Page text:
Prerogative court

     2. The testamentary courts of the two archbishops, in their respective provinces, are styled prerogative courts, from the prerogative of each archbishop to grant probates and administrations, where there are bona, notabilia; but still these are only inferior and subordinate jurisdictions; and the style of these courts has no connexion with the royal prerogative. Derivatively, these courts are the king's ecclesiastical courts; but immediately, they are only the courts of the ecclesiastical ordinary. The ordinary, and not the crown, appoints the judges of these courts; they are subject to the control of the king's courts of chancery and common law, in case they exceed their jurisdiction; and they are subject in some instances to the command of these courts, if they decline to exercise their jurisdiction, when by law they ought to exercise it. Per Sir John Nicholl, In the Goods of George III.; 1 Addams, R. 265; S. C. 2 Eng. Eccl. R. 112.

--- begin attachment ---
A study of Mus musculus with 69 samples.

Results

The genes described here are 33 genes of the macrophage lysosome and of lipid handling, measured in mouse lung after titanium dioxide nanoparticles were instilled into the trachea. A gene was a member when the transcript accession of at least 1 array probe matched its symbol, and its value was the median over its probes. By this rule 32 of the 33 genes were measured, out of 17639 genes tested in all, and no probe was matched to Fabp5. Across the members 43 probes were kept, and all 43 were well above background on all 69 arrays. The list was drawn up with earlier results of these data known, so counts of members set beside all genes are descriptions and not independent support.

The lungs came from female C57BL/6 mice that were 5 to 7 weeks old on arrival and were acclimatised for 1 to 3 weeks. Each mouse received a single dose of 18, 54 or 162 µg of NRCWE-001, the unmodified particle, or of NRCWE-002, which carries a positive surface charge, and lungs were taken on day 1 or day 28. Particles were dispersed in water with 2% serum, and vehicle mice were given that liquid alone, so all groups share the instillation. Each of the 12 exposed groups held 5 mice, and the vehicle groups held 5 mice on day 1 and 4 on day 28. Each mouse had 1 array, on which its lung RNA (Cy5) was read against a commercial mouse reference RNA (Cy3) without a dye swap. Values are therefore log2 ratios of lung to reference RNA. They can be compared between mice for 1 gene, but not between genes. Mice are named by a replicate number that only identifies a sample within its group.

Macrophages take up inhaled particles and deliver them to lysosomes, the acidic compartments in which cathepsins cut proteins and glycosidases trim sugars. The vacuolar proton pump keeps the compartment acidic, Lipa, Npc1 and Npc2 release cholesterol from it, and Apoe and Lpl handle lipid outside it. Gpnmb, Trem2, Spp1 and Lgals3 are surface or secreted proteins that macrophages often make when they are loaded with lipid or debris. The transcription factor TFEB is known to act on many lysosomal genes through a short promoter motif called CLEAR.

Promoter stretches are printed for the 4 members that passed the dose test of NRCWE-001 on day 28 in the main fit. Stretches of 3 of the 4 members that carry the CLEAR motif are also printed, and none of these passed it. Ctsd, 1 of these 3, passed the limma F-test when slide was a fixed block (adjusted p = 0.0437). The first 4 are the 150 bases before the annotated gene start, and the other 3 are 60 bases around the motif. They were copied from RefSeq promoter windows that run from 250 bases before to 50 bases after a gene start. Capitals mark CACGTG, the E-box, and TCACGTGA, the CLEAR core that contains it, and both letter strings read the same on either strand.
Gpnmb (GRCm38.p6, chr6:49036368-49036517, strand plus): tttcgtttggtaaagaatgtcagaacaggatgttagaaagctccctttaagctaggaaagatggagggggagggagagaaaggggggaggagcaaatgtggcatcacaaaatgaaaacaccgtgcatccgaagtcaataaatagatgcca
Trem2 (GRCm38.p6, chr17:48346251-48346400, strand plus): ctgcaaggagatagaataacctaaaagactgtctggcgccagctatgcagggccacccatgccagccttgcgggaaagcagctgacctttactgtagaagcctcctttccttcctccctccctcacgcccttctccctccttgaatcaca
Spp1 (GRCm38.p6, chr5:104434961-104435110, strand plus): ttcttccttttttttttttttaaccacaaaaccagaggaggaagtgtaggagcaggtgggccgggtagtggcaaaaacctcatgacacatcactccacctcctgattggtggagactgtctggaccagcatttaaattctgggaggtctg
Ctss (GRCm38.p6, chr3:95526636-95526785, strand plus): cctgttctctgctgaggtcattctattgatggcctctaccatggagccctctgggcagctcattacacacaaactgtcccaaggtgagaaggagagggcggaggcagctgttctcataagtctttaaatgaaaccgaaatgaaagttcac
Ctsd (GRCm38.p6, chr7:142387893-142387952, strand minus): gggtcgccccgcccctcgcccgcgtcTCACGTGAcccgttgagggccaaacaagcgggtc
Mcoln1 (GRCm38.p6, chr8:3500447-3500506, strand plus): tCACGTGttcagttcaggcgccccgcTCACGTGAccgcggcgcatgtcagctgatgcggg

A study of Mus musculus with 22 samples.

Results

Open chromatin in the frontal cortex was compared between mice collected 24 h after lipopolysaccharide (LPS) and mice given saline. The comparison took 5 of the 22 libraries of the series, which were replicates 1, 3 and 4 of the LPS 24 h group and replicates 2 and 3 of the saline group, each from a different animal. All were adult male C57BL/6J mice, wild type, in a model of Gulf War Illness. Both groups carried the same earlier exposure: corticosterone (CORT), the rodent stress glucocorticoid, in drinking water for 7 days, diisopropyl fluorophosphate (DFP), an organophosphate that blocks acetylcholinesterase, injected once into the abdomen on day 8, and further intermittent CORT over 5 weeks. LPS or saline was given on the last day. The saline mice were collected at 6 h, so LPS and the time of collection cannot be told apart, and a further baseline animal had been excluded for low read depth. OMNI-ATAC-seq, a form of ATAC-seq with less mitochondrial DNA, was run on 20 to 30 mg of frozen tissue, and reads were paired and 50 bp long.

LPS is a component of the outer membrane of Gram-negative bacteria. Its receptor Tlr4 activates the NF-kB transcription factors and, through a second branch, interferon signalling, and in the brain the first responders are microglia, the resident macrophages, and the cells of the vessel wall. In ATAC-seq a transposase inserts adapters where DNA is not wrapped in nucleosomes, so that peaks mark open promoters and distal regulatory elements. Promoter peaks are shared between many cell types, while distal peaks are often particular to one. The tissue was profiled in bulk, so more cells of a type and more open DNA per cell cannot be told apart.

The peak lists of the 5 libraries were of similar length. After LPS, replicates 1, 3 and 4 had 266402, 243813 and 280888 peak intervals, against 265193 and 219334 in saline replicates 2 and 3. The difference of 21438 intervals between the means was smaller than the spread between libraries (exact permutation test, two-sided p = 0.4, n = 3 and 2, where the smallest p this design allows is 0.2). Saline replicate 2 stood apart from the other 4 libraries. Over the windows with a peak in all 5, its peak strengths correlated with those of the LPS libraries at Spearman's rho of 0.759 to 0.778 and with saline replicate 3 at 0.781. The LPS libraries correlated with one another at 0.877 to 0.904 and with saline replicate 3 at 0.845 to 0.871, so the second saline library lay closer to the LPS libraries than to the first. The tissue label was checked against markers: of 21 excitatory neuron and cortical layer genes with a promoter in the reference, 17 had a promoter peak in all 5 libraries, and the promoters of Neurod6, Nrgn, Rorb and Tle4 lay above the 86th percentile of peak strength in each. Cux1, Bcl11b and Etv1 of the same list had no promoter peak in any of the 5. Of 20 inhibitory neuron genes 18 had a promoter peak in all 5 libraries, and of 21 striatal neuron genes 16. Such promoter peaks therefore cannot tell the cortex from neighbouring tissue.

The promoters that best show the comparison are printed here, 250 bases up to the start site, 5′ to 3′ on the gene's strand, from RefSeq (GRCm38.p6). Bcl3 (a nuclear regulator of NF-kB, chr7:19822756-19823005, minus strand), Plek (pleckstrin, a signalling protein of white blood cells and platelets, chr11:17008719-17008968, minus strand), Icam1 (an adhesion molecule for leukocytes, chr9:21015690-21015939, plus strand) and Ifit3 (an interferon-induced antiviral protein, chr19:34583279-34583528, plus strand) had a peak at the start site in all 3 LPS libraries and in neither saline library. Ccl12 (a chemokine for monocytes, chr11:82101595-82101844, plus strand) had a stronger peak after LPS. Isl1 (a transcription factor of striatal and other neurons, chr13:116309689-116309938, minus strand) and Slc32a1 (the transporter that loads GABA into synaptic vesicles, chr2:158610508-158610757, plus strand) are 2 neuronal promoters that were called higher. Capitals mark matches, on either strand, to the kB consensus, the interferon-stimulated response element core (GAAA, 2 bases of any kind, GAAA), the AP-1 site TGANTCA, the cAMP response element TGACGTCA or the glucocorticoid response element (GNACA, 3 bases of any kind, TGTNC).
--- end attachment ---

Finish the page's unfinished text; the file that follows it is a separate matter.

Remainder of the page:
References in periodicals archive ?
Parliament had the power to make laws; the law courts had the power to adjudicate; and the king had the power to exercise force--but, when kings acted through prerogative power, they or their prerogative courts exercised all government powers, overriding these divisions.
It was consolidated in the sense that it united all government powers--legislative, executive, and judicial--in the king or in his prerogative courts.
Ample resources of Roman jurisprudence were available in the thriving and influential community of civilian lawyers of "Doctors' Commons" who practiced in the many English prerogative courts.